The 2015 U.S. Supreme Court decision in Obergefell v. Hodges to legalize same-sex marriage marked what many view as a swift, and rather abrupt, turning point in the struggle for lesbian, gay, bisexual, and transgender (LGBT) rights. However, as Matthew Dean Hindman shows in Political Advocacy and Its Interested Citizens, the guarantee of civil rights for gays and lesbians did not happen overnight; rather, it entailed the careful cultivation of a new ideal type of interested citizen by gay and lesbian interest groups and prominent advocates. This process, Hindman argues, has been tempered by the forces of neoliberalism, leading to gay and lesbian interest groups calling forth interested citizens who adhere to narrowly defined and circumscribed conceptions of identity, participation, and conduct.
Hindman offers a new interpretation of a familiar story of the rise of LGBT organizations in the United States through the lens of neoliberalism. Rigorous archival research charts painstaking efforts on behalf of prominent gay and lesbian leadership to shape the identity, participation, and conduct of a relatively newly politicized group. These concepts are explored throughout case study chapters on the homophile movement, gay liberation, the advocacy explosion in the Beltway, and HIV/AIDS direct action.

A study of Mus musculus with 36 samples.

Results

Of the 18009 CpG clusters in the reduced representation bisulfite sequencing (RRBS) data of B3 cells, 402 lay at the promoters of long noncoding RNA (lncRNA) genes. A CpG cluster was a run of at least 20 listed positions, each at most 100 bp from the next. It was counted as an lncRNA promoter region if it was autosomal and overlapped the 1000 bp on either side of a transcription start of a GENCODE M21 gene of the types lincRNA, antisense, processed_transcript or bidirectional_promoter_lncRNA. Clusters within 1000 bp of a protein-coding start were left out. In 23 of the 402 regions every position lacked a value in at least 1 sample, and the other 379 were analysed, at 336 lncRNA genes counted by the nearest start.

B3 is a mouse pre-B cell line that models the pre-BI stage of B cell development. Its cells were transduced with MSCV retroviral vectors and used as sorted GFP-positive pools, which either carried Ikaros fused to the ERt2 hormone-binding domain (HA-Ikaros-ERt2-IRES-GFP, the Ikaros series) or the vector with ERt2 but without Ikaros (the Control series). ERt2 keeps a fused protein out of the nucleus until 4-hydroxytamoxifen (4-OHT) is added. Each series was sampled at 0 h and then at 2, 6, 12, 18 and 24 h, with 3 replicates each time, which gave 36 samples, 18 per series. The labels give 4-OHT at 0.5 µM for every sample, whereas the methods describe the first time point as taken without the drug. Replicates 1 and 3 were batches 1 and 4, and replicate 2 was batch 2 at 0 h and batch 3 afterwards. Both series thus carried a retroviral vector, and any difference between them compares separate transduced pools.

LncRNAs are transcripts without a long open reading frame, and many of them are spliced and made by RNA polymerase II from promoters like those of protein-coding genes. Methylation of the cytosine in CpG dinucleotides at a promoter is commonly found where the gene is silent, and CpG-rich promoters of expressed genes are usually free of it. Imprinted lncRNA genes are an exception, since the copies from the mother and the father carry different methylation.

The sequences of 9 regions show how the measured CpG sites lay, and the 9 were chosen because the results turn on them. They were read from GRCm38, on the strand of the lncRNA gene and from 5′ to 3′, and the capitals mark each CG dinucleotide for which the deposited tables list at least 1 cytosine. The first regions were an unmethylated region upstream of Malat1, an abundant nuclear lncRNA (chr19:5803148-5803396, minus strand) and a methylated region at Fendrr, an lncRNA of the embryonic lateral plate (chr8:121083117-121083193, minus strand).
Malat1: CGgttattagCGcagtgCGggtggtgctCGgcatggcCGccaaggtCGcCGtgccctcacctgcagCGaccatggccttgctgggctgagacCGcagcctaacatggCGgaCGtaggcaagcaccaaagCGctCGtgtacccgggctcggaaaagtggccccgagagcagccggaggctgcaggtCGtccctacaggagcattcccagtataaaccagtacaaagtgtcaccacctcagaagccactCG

This novel approach, consiste
To continue reading, see options above.
Join the Academy of Political Science and automatically receive Political Science Quarterly.
Women's History Month
Publishing since 1886, PSQ is the most widely read and accessible scholarly journal with distinguished contributors such as: Lisa Anderson, Robert A. Dahl, Samuel P. Huntington, Robert Jervis, Joseph S. Nye, Jr., Theda Skocpol, Woodrow Wilsonview additional issues
Articles | Book reviews
PERSPECTIVES ON PRESIDENTIAL ELECTIONS, 1992–2020
The Academy of Political Science, promotes objective, scholarly analyses of political, social, and economic issues. Through its conferences and publications APS provides analysis and insight into both domestic and foreign policy issues.
With neither an ideological nor a partisan bias, PSQ looks at facts and analyzes data objectively to help readers understand what is really going on in national and world affairs.